Staying fit to fight
May 15, 2013
- This story and more in the May online edition of Knowledge Magazine - the Official Safety Magazine of the U.S. Army.
FORT RUCKER, Ala. - One mile, no sweat, two miles, better yet! I bet that cadence echoes around installations every day as Soldiers conduct physical training. For Soldiers in the 25th Combat Aviation Brigade, 6:30 a.m. marks the beginning of our duty day, and PT is how we get it started.
All units need their Soldiers to be physically fit and ready to go at a moment's notice. When conducted properly, PT is an integral part of training that allows us to accomplish missions in the most demanding environments.
As the brigade safety noncommissioned officer, I manage all of the battalions' Army ground accident reports. I also have a direct link to the brigade's medical station that handles unit sick call. They send me a report of what's ailing Soldiers. When I started receiving the reports, I was surprised to learn that more than 50 percent of Soldier injuries and accidents were exercise related, not only on duty, but off duty as well. Don't get me wrong; Soldiers doing PT on their own is a good thing. The trend that concerned me is Soldiers aren't taking the proper precautions - both on and off duty - to protect themselves from injuries.
Organized PT requires us to run, jump, push, pull and lift. In most cases, even if a Soldier is on a profile and exempt from certain exercises, they are still required to participate. More often than not, they are pushed to their limits. Unfortunately, I've witnessed cases where there's been no forethought into the type of exercises executed and inadequate supervision to ensure they were conducted correctly. The instructors of these exercises are usually fit and healthy Soldiers, and there's no limit to the type of exercise they may require us to do. They come up with exercises they believe will get us in better shape and help us pass a PT test.
But here's a fact that's often overlooked - not all Soldiers are built the same or have the same strength or stamina. Heavy Soldiers cannot run those longer distances and are subject to injuries while attempting to complete the run. How many times have you seen someone fall out of a run and get left behind to finish alone? Those Soldiers are subject to injury. They are tired and not focusing on the road or what's ahead of them, but they know they have to finish.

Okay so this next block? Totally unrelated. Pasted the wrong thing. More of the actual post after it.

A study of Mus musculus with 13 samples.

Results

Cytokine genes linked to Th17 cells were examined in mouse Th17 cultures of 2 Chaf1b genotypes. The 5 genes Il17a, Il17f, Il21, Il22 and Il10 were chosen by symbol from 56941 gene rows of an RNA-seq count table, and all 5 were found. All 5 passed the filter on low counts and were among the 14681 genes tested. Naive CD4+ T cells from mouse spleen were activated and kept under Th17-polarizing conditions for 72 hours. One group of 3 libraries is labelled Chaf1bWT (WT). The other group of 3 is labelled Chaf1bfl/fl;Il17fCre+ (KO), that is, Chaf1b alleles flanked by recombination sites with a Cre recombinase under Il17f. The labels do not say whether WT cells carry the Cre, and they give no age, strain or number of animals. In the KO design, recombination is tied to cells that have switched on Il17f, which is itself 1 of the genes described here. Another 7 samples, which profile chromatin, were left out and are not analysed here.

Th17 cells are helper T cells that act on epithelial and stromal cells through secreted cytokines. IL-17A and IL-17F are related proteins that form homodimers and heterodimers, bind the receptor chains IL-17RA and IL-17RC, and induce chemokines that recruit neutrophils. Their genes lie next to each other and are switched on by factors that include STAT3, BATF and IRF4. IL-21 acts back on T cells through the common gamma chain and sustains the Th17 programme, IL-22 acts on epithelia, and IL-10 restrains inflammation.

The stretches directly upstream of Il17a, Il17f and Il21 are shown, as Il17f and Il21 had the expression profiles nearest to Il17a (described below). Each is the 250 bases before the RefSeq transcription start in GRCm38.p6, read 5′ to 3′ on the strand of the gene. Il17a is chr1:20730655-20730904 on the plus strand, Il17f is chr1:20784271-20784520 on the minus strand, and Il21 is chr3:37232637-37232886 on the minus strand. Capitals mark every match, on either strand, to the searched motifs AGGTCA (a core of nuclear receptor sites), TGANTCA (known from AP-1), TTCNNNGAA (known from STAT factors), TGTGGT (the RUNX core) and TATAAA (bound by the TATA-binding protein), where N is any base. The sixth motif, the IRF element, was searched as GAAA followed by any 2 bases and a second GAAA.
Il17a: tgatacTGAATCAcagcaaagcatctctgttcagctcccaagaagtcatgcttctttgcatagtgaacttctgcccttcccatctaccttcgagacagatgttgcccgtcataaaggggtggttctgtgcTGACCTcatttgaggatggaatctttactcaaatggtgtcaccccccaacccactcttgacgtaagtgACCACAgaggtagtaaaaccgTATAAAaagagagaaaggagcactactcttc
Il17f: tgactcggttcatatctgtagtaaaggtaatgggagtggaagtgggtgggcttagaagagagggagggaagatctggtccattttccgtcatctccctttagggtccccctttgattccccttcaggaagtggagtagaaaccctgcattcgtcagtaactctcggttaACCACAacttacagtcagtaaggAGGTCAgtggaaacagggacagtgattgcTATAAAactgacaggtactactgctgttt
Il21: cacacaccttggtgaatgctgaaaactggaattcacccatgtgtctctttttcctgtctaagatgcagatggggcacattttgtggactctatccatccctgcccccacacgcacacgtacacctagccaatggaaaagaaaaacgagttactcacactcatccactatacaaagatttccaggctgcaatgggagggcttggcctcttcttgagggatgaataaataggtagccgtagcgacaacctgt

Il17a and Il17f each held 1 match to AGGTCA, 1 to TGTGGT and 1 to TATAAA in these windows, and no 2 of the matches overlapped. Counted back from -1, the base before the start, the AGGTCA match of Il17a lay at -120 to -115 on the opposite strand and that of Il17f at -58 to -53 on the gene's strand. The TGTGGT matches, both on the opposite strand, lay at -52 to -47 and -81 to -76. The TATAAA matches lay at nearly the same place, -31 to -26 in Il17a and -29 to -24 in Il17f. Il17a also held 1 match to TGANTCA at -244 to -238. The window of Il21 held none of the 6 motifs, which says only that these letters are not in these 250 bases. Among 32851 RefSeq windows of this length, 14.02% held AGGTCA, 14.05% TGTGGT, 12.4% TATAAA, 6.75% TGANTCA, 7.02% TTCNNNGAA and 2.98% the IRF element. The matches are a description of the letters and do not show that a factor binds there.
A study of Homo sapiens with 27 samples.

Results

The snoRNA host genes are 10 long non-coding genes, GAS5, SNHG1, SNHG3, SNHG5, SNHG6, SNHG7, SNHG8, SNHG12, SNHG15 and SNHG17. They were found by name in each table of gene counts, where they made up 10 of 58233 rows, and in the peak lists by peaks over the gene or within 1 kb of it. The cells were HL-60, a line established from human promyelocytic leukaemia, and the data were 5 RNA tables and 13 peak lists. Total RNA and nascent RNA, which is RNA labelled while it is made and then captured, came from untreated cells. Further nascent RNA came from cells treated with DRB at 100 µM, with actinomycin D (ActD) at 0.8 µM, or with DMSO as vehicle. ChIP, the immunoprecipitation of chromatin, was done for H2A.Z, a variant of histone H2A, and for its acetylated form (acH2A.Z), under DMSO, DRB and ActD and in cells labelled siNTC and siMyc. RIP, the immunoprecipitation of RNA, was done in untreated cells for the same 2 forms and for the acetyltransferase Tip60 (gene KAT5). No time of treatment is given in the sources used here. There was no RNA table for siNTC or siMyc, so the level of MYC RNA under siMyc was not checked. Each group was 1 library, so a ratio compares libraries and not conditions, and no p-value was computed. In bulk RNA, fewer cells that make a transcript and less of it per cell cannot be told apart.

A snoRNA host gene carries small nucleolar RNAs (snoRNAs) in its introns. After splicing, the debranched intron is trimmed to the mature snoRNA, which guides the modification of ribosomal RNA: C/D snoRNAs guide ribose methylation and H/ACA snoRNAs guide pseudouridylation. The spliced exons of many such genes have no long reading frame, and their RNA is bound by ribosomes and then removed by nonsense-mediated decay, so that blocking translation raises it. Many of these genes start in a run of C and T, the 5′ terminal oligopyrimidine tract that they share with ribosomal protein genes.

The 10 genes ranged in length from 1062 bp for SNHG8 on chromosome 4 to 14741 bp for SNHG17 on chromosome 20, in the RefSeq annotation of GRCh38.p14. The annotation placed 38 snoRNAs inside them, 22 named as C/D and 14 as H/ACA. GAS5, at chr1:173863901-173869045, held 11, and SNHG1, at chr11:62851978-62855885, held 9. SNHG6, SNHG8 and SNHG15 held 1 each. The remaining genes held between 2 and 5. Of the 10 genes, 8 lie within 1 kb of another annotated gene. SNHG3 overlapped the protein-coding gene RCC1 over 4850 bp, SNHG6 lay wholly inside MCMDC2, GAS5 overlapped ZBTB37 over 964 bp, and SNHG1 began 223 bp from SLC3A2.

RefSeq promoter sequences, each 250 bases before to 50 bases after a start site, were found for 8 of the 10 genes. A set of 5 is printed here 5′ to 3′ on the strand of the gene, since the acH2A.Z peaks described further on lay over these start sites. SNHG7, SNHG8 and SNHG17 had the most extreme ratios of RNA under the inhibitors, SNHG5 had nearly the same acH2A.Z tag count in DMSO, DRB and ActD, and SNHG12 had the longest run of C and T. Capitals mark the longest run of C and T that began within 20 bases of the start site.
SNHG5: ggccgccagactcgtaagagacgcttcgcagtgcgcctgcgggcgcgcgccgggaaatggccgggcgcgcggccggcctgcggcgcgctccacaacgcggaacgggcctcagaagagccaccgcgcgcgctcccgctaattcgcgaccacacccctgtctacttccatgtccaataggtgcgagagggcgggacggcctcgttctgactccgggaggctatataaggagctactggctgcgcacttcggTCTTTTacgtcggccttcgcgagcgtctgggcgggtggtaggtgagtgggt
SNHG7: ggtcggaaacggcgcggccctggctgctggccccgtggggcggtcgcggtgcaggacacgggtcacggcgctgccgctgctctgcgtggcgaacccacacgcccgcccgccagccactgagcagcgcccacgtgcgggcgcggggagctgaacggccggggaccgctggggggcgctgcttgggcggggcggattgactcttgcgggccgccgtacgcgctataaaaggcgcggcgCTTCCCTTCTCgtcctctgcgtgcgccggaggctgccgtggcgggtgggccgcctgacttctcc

We lift water cans, tires, logs and even our own buddies for PT. Soldiers sometimes lack the ability to lift heavy objects; they strain and hurt themselves when attempting to these exercises. Do we NCOs, leaders, take into account that some Soldiers aren't as strong as us and may need extra supervision to get to the point of being able to lift heavy objects? We need to understand that a PT program tailored to our Soldiers' abilities is the best way to get them in shape, sustain their fitness level and keep them safe.
Soldiers need to understand there's risk associated with PT and sports activities both on and off duty. They should take into account the weather, surf reports, running routes and underlying factors that may hurt them or their friends. Leaders must ensure Soldiers understand and use the risk management process to identify hazards during any type of physical activity.
Soldiers will do the right thing when leaders encourage and teach them what right looks like. Not all Soldiers jump in with an attitude of leaping before they look. We can ensure that our Soldiers are physically and mentally ready if we take the time and mentor them. With our guidance and leadership, we can help reduce the number of injuries on and off duty. After all, having healthy and physically fit Soldiers benefits everyone.